Get those travelin’ shoes out. The European Union has opened the door for U.S. visitors to the Continent. But is this the right time to go? That depends on you. This year will be different, but those differences also make compelling reasons to dust off your passport and book a flight. Here are 7 reasons to visit Europe in the second half of 2021.
1. Attractive prices
You can still find airfare bargains this late in the game, said Scott Keyes, author of Take More Vacations and founder of Scott’s Cheap Flights, a free and subscription service for fare hunters. He has been seeing deals to Europe even from secondary markets.
Also, you can get great deals on hotel stays, said Melinda Sue Platero, a AAA travel advisor in Newport Beach, California. Because many hotels are at less than capacity, free upgrades may be available and service may be even more attentive, she said.
River cruises, too, are offering savings, said Gary Murphy, senior vice president of sales and co-owner of AmaWaterways. Visitors are expressing interest in 2022, but capacity for 2021 remains and needs to be filled, he said. European Christmas markets or a taste of Bordeaux at bargain prices? Make that a yes.
2. Flexibility in bookings
Airlines and hotels haven’t always been as financially forgiving as they are now. Many airlines have dropped their change fees.
Hotels, too, are more flexible, Platero said, with many offering cancellations without penalty as late as 24 hours in advance. Many tour operators are also building in more flexibility for those who book trips this year.
3. An even warmer welcome
Like every place that makes a living from tourism dollars, European towns and cities are eager for visitors. “We are going to be exceptionally warmly received when we travel back to Europe,” said Melissa Da Silva, president of Trafalgar, which offers guided vacations on seven continents, including Europe. The reopening allows countless Europeans to get back to work and, for those in the hospitality industry, to do what they do well by opening a new world to visitors.
4. A singular, more personal experience
You will never have a trip to Europe like the one you’ll have this year. Wary travelers may not be ready, but the intrepid will benefit from reduced crowds. They must remember, though, that not all attractions will be open as cities stutter-step back to life.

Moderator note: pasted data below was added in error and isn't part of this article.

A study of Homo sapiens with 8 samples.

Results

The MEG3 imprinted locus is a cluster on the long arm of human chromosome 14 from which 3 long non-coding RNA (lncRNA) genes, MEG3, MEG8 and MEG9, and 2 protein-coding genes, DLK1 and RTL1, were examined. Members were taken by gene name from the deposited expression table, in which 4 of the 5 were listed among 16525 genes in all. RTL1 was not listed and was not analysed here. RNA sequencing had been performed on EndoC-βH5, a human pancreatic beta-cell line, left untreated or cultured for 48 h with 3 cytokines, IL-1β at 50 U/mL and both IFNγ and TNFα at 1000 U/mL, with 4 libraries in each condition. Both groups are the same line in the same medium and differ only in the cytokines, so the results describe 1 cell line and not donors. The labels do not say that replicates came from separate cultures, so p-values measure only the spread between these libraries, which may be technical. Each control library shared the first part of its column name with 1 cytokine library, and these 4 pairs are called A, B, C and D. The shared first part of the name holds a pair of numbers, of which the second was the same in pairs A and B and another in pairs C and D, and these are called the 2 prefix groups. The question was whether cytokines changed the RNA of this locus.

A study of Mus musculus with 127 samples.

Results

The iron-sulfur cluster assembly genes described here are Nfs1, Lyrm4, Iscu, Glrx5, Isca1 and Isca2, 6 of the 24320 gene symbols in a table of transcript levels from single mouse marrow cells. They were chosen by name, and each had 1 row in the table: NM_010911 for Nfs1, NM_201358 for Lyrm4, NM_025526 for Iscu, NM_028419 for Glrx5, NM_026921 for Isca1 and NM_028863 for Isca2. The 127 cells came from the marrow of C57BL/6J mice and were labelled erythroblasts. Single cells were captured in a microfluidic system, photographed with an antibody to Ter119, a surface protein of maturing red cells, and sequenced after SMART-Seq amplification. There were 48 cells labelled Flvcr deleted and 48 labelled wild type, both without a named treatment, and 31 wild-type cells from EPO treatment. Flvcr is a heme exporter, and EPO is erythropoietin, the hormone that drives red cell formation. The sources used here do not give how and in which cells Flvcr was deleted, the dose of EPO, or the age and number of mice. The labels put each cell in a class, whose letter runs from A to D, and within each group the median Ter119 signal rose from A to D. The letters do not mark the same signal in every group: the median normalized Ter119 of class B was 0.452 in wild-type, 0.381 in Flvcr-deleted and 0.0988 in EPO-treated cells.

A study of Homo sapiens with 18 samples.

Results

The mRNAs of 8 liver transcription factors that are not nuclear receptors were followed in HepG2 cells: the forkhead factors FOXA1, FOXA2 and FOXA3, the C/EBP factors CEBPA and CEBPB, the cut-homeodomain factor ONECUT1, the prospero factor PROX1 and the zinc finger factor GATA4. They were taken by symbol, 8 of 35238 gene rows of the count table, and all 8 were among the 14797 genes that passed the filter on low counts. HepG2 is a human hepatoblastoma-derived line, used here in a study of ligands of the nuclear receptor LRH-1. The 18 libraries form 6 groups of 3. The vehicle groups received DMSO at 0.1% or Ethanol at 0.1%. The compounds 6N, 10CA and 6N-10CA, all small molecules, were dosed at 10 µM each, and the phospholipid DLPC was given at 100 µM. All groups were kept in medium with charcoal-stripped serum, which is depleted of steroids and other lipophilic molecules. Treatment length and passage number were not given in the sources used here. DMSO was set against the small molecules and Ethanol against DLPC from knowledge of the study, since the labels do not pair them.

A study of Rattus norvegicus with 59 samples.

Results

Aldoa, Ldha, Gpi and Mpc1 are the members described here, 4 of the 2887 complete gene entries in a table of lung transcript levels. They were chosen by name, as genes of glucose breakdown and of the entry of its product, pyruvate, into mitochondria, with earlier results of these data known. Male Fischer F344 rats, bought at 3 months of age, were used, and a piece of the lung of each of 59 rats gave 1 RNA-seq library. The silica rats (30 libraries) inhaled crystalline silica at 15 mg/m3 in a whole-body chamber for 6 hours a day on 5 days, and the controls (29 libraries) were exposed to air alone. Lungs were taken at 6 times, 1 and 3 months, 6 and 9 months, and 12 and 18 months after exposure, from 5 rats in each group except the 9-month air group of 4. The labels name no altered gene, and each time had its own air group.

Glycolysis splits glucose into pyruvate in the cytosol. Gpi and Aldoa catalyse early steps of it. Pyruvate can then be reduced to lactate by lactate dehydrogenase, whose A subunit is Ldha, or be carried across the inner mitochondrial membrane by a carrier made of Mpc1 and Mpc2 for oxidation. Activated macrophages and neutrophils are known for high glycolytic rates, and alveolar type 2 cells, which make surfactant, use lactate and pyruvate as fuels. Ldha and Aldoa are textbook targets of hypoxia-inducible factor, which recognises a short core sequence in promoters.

Being flexible enough to roll with whatever happens is key to enjoyment and a hallmark of a good traveler. Fewer travelers also mean it will be easier to reserve a restaurant table, ask detailed questions of a tour guide, or quiz shopkeepers about lesser-known, must-see places.
Meanwhile, those nervous about navigating COVID-related requirements or sudden closures might find peace of mind traveling on a group tour this year, said Trafalgar’s Da Silva. “We’re taking care of all the logistics,” she said. “We take care of accommodations, transportation. If there are changing protocols, we’re on top of that so you don’t have to be.”
5. A different aesthetic
If you’ve been trapped at home and/or in your home office, you’re due for a change of scenery. How lovely, then, to marvel at the scenery of Slovenia around Lake Bled, Ireland’s enticing Cliffs of Moher, or Denmark’s Faroe Islands and the stunning Múlafossur Waterfall. Who would not want to see La Sagrada Família in Barcelona or Notre-Dame in Paris, both works in progress, and reflect on the genius in their creation?
6. A break from your culinary doldrums
Keyes, of Scott’s Cheap Flights, swooned over a wood-fire–cooked paella at Casa Carmela in Valencia, Spain, and pronounced it “absolutely incredible and unbelievably delicious.”
Murphy, of AmaWaterways, said when he’s on one of his vessels that’s docked on a European river as the sun rises, he follows his nose to the nearest bakery and enjoys morning coffee with a pastry.
And just try to refrain from gelato in Italy.
7. A connection with history
Mark Anderson, president of Adventure Vacations of La Jolla, California, has a “need to touch old stones,” he said. “I need to touch walls that were handcrafted by Romans two millenniums ago or by Greeks or Etruscans even earlier, said Anderson, who specializes in European travel, especially France. “To bear witness to the thousand generations that preceded us is an awesome thing.”
Catharine Hamm formerly was the travel editor of the Los Angeles Times.